Troopers undergo diversity training

Published 12:00 am Friday, January 17, 2003

State Troopers from Ala-bama, Tennessee and Missis-sippi completed a four-day Hate and Bias Crime Training Program here this week. It was the first time the Alabama troopers had ever done any type of diversity training.

The program was taught by members of the Federal Law Enforcement Training Center, who travel all over the country training police officers to be more aware of hate crimes.

“It’s an honor to be in Selma right before Martin Luther King Day teaching about diversity,” said John Holland, one of the instructors.


of the Department of Public Safety described the program as a “trainer training course.” He said officers who attended the program learned to teach their co-workers and members of the community about avoiding hate.

“We learned about a variety of things throughout the four days,” Washington said. “On the last day we created lesson plans to use when talking to teachers and community groups about racism.”

Tim Sebastian, another training instructor, said the program is held at no cost to the police department.

“It’s a good return for the investment of time,” Sebastian said.

Washington said he heard about the program through catalogs and had taken the FLETC course online through Auburn University at Montgomery. He thought it would be a good idea to bring the program to Selma.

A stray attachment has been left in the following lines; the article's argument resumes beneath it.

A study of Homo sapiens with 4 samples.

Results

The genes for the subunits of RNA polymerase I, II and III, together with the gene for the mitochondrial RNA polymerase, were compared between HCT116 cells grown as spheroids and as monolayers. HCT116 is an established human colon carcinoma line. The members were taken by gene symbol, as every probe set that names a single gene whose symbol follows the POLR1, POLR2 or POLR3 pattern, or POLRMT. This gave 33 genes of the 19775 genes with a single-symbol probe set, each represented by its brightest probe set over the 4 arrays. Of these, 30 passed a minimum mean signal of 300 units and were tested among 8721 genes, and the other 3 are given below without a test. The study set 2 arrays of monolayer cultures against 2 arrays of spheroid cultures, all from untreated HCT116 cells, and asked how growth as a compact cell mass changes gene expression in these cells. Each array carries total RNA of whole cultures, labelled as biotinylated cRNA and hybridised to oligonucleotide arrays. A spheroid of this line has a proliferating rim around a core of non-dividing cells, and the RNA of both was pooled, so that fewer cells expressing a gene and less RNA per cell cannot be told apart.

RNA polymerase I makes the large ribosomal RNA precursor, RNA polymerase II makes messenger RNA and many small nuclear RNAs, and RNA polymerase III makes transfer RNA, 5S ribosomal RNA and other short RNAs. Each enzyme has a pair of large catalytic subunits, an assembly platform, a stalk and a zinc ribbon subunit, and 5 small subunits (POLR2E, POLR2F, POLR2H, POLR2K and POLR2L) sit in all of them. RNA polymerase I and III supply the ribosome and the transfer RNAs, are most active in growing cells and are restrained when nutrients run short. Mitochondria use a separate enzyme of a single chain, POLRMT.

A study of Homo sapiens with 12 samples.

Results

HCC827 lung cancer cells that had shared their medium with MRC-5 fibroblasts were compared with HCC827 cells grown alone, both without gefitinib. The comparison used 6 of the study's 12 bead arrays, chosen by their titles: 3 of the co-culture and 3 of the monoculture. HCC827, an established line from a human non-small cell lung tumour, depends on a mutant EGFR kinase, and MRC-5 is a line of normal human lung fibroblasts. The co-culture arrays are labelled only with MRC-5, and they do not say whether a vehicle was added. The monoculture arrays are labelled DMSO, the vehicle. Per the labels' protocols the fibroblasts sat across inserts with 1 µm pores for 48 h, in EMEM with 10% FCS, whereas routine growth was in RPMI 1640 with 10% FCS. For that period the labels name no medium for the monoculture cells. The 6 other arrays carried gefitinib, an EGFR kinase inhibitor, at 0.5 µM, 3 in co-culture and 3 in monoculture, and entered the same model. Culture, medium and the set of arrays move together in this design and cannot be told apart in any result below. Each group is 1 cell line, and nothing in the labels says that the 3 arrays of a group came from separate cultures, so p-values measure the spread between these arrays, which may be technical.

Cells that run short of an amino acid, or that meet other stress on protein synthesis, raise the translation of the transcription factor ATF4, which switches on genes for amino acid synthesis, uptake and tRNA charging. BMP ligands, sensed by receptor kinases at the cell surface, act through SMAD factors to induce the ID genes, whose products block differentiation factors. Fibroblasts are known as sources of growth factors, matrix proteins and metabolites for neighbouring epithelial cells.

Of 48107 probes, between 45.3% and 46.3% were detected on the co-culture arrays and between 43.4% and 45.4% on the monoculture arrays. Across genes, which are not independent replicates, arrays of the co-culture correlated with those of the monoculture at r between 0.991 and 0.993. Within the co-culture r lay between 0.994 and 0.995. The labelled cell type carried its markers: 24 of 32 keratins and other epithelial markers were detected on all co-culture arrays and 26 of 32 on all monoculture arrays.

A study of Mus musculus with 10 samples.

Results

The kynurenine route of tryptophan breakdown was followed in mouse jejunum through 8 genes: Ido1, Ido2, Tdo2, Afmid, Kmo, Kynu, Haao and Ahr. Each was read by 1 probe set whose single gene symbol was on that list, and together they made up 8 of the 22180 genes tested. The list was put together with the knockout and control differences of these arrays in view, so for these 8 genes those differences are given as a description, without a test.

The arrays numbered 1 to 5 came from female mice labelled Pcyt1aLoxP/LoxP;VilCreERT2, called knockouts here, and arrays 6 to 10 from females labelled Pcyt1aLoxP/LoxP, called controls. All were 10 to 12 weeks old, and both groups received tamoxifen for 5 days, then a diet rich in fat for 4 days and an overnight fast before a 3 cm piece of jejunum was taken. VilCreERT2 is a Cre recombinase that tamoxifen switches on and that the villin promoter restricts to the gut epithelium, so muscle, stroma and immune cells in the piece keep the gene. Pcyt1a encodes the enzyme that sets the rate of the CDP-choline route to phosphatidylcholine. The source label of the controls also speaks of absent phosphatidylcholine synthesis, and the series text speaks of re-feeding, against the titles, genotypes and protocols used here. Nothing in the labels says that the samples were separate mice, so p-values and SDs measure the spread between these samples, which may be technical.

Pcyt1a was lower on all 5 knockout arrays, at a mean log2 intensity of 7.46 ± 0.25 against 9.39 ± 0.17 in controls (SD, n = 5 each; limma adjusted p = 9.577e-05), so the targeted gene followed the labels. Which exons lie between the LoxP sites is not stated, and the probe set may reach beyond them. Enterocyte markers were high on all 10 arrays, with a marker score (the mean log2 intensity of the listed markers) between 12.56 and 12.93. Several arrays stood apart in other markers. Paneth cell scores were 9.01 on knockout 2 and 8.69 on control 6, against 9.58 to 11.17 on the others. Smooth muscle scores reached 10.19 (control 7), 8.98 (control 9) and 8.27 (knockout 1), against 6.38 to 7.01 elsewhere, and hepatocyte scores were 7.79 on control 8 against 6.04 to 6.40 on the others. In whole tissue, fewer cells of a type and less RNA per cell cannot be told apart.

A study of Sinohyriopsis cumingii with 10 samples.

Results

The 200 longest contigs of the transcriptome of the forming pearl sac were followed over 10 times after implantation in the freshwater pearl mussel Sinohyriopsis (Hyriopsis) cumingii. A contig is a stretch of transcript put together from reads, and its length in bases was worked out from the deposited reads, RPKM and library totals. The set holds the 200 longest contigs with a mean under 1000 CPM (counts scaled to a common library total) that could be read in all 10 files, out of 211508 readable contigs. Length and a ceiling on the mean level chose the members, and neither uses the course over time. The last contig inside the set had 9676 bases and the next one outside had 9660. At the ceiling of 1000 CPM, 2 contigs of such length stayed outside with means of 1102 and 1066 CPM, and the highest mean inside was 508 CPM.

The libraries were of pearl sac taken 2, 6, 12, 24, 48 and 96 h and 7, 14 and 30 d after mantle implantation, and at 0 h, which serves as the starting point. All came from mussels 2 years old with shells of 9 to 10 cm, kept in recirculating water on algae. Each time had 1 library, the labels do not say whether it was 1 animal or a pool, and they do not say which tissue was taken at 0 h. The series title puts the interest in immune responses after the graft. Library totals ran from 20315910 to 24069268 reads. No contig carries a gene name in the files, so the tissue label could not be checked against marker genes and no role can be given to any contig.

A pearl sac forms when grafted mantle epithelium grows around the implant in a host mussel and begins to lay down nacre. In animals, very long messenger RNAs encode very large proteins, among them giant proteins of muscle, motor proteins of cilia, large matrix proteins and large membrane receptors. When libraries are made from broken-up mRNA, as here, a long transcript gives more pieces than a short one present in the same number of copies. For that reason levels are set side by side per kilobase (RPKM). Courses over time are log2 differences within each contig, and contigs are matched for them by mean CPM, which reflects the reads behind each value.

Laurie Wood, an instructor from the Southern Poverty Law Center, said the officers were among the most responsive groups she had ever worked with.

“This is the first time we have had a really diverse group of students. They all came from such wide backgrounds and participated in the program really well,” Wood said.

The FLETC program began in 1994 in New Jersey. Since that time, instructors have traveled to almost every state helping police officers to better understand hate crimes.

During the program in Selma, officers were divided into groups. Throughout the four days, they learned about the history of hate, how to recognize it, legal concerns, investigative strategies and community relations.

The course ended late Thursday afternoon and the officers who participated said it helped them understand more about racism and bias.

“This program will allow us to be more pro-active in law enforcement,” Washington said.